The health reform debate has heated up mainly over rationing. On August 6, Mike Sola of Michigan confronted Rep. John Dingell. As Sola’s son watched from a wheelchair, Sola charged, “Under the Obama health care plan which you support, this man would be given no care whatsoever because he is a cerebral palsy handicapped person.”
That same day in Longmont, a cancer survivor told a crowd, “I’ve had a total of 11 surgeries. Do you think that Obama’s health care would have paid for that?” When the crowd answered “no,” he said, “Exactly. But I’m still alive today.”
A July 29 rally in Colorado Springs featured a sign calling Obamacare “a death sentence for seniors.”
Obama glibly brushes off criticism as “misinformation” as his supporters attack critics as un-American thugs and mobs. Yet rationing under Obama’s proposal is inevitable. The only question is how rationing would play out.
Obama would expand direct subsidies for care and force some to subsidize others through politically controlled insurance premiums. He also wants to push people into all-inclusive insurance and away from low-cost, catastrophic insurance that allows routine expenses to be paid through a Health Savings Account.
Giving people health care that is largely or entirely “free” at the point of service, often funded by others, artificially increases demand. Consumers ignore costs when something is “free.” Just imagine what would happen at the grocery store if politicians offered everyone all the “free” food they claimed to need.
Widely subsidized health care leads to exploding costs, and that leads to rationing, whether through lines or denials of service.
Rationing is common where politicians direct health care. A recent video from the Independence Institute shows how Oregon already rations Medicaid. John Stossel reports that hundreds of thousands wait in line for care in Canada and England. English headlines describe cases of delayed or denied treatment for patients seeking care from painkilling injections to heart surgeries.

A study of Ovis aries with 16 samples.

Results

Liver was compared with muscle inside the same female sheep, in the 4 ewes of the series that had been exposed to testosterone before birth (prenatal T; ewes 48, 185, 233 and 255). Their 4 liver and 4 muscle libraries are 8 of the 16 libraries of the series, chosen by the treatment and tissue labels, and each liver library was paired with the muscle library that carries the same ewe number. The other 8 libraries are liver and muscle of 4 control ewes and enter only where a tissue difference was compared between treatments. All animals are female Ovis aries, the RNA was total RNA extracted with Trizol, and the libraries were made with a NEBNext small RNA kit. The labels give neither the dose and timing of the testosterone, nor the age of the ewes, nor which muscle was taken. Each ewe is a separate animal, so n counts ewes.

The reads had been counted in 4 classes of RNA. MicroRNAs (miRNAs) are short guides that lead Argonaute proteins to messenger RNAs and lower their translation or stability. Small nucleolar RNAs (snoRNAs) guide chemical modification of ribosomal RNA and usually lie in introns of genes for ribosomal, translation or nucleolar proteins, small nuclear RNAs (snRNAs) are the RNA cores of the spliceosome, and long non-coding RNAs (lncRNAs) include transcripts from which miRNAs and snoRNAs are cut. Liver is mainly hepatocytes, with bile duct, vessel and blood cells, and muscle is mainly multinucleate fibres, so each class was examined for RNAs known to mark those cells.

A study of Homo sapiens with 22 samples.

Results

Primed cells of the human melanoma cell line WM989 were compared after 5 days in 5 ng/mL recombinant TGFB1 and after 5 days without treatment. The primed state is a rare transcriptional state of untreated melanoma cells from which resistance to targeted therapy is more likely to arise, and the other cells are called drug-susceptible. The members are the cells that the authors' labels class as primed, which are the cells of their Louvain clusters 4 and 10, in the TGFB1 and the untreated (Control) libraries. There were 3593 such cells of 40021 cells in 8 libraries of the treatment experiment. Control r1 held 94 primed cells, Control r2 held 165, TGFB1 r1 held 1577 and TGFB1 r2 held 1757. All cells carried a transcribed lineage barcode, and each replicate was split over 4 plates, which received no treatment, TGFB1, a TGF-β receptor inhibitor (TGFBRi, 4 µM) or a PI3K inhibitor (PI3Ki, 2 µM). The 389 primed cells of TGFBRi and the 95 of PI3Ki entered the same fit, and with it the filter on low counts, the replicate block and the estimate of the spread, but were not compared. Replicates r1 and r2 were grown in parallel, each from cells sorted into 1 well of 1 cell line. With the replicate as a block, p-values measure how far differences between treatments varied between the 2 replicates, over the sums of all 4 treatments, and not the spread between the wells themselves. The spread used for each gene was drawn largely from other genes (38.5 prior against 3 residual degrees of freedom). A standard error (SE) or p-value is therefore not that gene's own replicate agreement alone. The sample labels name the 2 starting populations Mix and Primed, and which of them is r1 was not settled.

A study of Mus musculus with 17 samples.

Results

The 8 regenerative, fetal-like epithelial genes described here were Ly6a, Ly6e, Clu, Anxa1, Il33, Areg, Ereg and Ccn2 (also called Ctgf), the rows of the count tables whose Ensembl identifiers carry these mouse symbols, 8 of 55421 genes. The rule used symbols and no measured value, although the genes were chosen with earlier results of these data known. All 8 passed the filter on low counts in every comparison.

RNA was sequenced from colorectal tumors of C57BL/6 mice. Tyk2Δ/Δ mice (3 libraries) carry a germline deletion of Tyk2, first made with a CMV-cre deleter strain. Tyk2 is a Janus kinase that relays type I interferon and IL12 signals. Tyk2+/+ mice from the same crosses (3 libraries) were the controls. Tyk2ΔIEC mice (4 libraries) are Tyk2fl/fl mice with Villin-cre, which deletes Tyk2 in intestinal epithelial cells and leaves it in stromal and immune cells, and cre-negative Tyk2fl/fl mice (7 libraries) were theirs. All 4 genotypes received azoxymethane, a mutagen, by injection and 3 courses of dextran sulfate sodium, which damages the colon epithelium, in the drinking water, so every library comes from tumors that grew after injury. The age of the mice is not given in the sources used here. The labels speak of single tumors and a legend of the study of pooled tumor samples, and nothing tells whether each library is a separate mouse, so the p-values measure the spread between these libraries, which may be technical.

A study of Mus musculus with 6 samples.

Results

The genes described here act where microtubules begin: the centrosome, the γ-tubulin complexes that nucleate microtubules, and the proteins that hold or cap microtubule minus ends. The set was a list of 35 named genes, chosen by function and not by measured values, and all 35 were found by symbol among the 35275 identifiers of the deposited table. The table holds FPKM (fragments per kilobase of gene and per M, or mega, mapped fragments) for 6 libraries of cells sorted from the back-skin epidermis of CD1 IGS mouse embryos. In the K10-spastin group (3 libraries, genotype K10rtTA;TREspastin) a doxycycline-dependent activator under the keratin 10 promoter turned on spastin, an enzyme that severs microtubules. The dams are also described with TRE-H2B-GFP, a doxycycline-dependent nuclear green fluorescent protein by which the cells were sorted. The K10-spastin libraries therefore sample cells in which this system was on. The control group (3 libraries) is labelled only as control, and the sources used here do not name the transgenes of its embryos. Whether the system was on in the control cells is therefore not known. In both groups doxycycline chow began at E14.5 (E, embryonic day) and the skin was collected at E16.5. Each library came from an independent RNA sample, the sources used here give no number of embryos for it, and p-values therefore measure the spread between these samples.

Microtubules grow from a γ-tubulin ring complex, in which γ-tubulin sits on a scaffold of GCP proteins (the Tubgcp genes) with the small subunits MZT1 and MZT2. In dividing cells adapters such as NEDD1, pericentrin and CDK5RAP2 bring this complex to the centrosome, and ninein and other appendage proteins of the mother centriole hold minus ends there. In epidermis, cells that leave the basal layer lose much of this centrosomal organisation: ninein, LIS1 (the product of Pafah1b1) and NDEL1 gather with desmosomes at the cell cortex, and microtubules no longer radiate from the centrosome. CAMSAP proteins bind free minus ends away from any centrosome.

As Duke history professor John Lewis points out, the “America’s Affordable Health Choices Act” explicitly allows for restrictions on hospital readmissions and “applicable conditions” covered.
Obama knows he cannot promise to cover every procedure for every individual. During a June 24 broadcast by ABC, Obama said, “Maybe you’re better off not having the surgery, but taking the painkiller.”
While Obama said such decisions would be between “doctors and patients,” he added that policies create “incentives” to guide a “good decision.” Who will decide which decisions are “good,” and under what political pressures to contain costs?
However, claims that some particular person or condition would not be covered under Obama’s plan prove difficult to sustain. There is simply too much we don’t know.
What will the final bill look like? How will bureaucrats implement the bill? How will the bill and its implementation change over time in response to rising costs? Which constituencies and individuals will move to the front of the line through political connections? Such questions cannot be definitively answered ahead of time.
It is precisely this uncertainty — the fact that Obama asks us to place our lives and health largely at the mercy of bureaucratic whim — that justifiably frightens people.
At his recent forum, Obama shifted the discussion from rationing to the problems with current health insurance. What he did not mention is that those problems are caused by prior political meddling, such as tax policy that has driven expensive, non-portable, employer-paid insurance.
Obama promises reform but offers only more political interference.
What we need instead is a renewal of liberty, in which individuals, doctors, insurers, and charities are free to interact voluntarily and direct their resources according to their own best judgment.
Armstrong publishes FreeColorado.com. He and his wife purchase high-deductible insurance and pay for routine, preventative care with a Health Savings Account.